General vent and invitation to share experiences:
What exactly do sales "managers" do at your firm? At every place I've worked and every place I've interviewed in which the bozo sales manager was involved in the process, I've come to the conclusion that firms find it to be a good idea to allow a flame out broker who's never actually sold anything himself to pontificate endlessly to others about sales techniques and waste time scheduling a never ending series of meetings, conference calls, role playing events and reviews of sales reports and contact management reviews. I understand at some firms the SM provides practical services such as serving as an internal wholesaler for proprietary products or performing operations duties in small branches. I've even heard of one who provides the in house prerequisite classes for CFP certification or technology demonstrations. I've just never experienced this myself. Is this just my experience or does your sales manager provide any useful value to your practice?
Can't help but laugh with your description... cause it's true at my firm as well!
My sales manager is primarily my contact person for my career development. He is the person to report my activity numbers to and bounce ideas off of. He reminds us of the resources available at the firm to help us achieve our goals.
He seems to be more of a "cheerleader" of the reps under him than a role model to emulate. But, if he could produce, he would be a rep, not a manager.
Mine is an idiot. He has never given one useful idea and if you ask him about an idea you have been toying with he immediately tells you not to do it. I do thoroughly enjoy his meetings. He reads everything he hands out, which allows time for me to do some thinking because I can always read his crap later.
I estimate I loose about 5 hours a week to mine in one way or another. This doesn't sound "huge" but is over 12% of a work week assuming 40 hours. This wouldn't be horrible if I got some value out of it or at least practical information as opposed to philosophical rants about techniques he would KNOW are BS if he had ever sold anything. I could make 100 calls in that time, hold a couple meetings, put together a mailer, or any number of other things that would be much more useful.
By the way, I just have to laugh at the number of pikers in the office who seem to participate with such enthusiasm in the meetings and calls, throwing out ideas that if reflected in their numbers should definitely not be taken seriously.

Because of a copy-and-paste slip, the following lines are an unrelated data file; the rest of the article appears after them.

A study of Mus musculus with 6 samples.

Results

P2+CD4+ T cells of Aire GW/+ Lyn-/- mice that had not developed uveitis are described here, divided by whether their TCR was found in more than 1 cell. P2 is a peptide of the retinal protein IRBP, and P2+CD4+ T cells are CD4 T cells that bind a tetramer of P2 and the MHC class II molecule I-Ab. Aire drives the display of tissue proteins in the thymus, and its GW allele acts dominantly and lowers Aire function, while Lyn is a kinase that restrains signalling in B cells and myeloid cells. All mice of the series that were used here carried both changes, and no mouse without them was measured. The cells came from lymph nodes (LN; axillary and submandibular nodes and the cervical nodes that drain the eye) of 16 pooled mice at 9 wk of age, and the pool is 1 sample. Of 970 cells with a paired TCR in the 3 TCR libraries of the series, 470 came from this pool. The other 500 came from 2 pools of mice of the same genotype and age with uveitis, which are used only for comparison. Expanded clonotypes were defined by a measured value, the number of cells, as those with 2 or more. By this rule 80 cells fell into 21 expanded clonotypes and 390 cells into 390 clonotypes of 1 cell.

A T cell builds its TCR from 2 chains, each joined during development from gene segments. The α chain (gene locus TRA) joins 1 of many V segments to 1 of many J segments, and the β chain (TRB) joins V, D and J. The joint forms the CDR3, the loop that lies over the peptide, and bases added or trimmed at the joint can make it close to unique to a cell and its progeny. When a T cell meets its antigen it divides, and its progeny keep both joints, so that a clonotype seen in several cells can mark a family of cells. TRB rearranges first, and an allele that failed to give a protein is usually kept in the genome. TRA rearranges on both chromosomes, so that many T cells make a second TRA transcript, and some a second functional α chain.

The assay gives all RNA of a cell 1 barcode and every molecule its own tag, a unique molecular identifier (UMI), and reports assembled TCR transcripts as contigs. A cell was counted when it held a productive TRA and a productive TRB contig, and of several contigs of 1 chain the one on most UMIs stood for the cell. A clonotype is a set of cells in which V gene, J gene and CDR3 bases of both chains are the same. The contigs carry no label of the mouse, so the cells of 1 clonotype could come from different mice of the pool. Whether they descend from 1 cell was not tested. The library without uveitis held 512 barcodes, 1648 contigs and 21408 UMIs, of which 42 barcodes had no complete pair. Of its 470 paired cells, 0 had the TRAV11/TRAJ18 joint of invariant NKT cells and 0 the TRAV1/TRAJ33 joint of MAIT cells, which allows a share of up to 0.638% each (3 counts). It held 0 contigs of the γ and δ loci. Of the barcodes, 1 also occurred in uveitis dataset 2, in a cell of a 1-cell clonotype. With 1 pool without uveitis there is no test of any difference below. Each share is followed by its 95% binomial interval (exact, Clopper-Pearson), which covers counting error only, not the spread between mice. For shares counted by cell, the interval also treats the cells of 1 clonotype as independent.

i'm pretty lucky considering the stories I hear from most folks. My sales manager is a producing manager, and a top-notch one at that. He's usually #1 or #2 year over year in production in the office, and one of the top 50 in the company. For the life of me, I don't know why he bothers with the management side, but I appreciate that I can get him for joint work, bounce ideas off him, and have him go to bat for me when admin issues foul up production.
I'm curious to know, from those who are not happy with their Sales Managers, ABOMs etc, what they would LIKE to get from them.
What are they doing that you appreciate, and what are they not doing that you think would be helpful.
First, we must differentiate between sales managers and mentors, because they are NOT one and the same.
From my sales manager, I expect them to hold me accountable for numbers - sales, dials, appointments, revenue, etc. This is also the person to talk to about my mentoring relationships and any issues with the home office or the local office.
My formal meetings with my sales manager should only last about 30 minutes per week.
Basically, help be a resource to help me solve my problems with my sales numbers and with home office issues. My job is to prospect for new clients. Let me do that, then help me with everything else while I learn the ropes on my own.
From my mentor, I expect help and guidance to help me accomplish my numbers in a more efficient way than if I were to try to figure it out on my own.
I'm a "type-A" personality. Basically, let me come to you for help, or get out of my way. Be supportive, but not overbearing.
Just my quick thoughts.
I have a similar attitude skippy. I wouldn't mind not having a sales manager at all. I'd at least just like to have the time to devote to other things. An advocate to push things through when company gridlock gets in the way would be "nice" but really I just want to be left alone. I guess the time doesn't hurt "that much" but I do resent being told anything at all by someone who knows nothing about what they're talking about.